Bird Officially Raises $300 Million as Scooter Competition Heats Up

Bird, a Scooter startup that has been hugely hyped, has completed a funding round of $300 million with Sequoia Capital leading the way.

The funding round, which was long anticipated, was announced by the company this week with Roelof Botha from Sequoia becoming a member of the board of directors for the company. This is Bird’s second funding round over the last few months, sending the company above a reported valuation of $1 billion during May to a June valuation of more than $2 billion.

In March, Bird was valued at just $300 million, but the hype of the Scooter industry has been impressive over the last few months as investors hand over large sums of money for what is considered the next popular method of transportation in large metropolitan areas.

In this latest round of fund raising, the investors joining for the first time include B Capital, Accel, CRV, Greycroft, Sound Ventures and e-ventures; while previous investors include Craft Ventures, Valor, Index Ventures, Upfront Ventures and Goldcrest Tusk Ventures.

Scooter mania captured the hearts of many in Silicon Valley as well as with investors overall, including Vice President of Business at Bird Paige Craig who left VC to be with Bird.

The quick influx of investor money into the industry or the revolving door processes of fundraising are not that uncommon, and especially when it comes to hot areas of investing, although the scooter industry has definitely exploded onto the scene in a much fast way than most.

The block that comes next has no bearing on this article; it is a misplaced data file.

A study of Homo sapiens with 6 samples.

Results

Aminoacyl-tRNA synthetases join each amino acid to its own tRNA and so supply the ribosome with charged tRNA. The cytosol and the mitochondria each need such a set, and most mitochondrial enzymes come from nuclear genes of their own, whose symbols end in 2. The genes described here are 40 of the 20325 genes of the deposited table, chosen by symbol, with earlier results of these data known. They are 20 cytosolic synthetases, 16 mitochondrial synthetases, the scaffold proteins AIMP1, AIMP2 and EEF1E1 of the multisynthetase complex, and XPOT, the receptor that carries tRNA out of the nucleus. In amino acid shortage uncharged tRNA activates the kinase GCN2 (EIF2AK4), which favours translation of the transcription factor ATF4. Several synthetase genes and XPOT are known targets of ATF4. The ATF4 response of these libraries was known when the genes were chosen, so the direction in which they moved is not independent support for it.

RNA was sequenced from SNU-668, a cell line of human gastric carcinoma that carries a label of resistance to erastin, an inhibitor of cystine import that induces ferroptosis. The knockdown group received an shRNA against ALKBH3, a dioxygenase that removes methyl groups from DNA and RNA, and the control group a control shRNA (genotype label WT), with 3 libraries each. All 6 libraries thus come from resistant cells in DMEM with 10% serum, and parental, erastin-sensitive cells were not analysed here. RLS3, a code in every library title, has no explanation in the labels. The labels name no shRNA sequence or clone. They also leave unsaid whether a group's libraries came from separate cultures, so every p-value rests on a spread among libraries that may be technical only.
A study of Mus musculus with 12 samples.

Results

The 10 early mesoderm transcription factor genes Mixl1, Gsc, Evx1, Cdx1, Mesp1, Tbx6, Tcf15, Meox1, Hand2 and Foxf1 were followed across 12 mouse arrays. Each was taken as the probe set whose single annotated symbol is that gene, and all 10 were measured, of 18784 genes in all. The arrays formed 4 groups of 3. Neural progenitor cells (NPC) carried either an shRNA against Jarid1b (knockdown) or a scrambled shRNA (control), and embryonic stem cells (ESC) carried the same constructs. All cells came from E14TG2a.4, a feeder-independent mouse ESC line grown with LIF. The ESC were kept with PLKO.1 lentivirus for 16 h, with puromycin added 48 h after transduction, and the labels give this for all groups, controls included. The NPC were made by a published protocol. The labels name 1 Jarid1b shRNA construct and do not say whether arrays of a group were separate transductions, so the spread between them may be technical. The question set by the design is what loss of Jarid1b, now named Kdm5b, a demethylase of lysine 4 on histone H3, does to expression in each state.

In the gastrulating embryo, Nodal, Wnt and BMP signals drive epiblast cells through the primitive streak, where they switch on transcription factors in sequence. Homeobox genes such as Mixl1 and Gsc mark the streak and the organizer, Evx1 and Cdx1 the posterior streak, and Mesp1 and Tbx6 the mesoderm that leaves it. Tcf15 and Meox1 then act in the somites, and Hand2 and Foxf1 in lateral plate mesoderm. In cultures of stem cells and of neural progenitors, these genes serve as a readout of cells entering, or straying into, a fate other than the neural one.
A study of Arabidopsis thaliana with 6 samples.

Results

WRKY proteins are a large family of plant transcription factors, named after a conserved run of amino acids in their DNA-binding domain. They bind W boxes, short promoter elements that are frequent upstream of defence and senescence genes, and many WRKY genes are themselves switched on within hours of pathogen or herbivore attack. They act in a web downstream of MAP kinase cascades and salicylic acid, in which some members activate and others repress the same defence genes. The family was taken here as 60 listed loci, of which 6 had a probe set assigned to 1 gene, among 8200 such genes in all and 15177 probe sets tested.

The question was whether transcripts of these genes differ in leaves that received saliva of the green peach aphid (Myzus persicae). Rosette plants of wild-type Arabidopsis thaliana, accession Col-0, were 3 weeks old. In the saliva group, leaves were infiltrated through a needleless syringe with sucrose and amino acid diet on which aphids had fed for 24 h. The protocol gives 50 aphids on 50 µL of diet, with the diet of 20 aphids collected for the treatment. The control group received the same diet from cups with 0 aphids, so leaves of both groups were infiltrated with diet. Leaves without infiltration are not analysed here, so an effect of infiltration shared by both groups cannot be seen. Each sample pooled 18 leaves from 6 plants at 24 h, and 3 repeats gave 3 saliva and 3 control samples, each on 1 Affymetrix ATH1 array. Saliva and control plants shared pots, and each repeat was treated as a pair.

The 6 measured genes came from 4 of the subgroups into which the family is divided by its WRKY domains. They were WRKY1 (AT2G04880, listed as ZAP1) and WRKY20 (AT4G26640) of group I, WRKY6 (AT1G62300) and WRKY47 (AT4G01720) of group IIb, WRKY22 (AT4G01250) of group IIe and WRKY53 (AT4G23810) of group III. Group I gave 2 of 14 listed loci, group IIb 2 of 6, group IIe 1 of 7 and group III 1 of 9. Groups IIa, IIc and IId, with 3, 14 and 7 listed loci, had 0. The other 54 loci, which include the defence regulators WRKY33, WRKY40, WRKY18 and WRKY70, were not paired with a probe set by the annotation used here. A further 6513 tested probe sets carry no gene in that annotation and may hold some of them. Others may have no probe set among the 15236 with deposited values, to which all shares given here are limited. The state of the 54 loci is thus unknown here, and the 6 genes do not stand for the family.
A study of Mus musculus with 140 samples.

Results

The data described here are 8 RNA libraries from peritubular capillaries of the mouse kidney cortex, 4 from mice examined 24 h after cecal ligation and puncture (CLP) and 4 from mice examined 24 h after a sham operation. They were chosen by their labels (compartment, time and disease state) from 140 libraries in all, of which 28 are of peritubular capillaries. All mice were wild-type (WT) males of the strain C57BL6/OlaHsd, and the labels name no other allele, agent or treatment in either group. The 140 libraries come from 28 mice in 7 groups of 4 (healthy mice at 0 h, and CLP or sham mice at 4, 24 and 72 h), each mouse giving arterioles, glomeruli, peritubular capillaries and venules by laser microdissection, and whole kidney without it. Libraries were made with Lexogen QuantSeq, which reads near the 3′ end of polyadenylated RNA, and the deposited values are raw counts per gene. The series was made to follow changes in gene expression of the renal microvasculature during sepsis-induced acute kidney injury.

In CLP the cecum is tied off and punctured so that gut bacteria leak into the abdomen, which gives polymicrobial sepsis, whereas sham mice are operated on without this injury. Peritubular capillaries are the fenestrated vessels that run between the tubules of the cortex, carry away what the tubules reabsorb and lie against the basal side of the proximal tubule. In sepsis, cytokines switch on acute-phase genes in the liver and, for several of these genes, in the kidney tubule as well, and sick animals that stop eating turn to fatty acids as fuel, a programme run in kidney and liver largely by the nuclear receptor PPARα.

The fund raising round by Bird comes amidst rumors of competitor Lime having a mega round of fundraising with the company reported to have raised in excess of $250 million led by its biggest investor GV. Skip has also been able to raise $25 million.

One investor said that the Bird has built the market’s best product and while there are additional startups entering the space, Bird remains the best.

Others feel the same way about Bird, whose scooters can be found throughout cities such as Los Angeles. For trips only a few miles down sidewalks or wide-lane roads, a quick code scan and off the user goes is now considered worth the few dollars it costs to save time.

However, hurdles do exist as the industry moves forward. In San Francisco, the company faces significant pushback by the local government and for the time being scooters are not allowed on sidewalks. There is also a big shadow cast about over the industry of what could happen regarding tariffs, which could increase the overall cost of each scooter.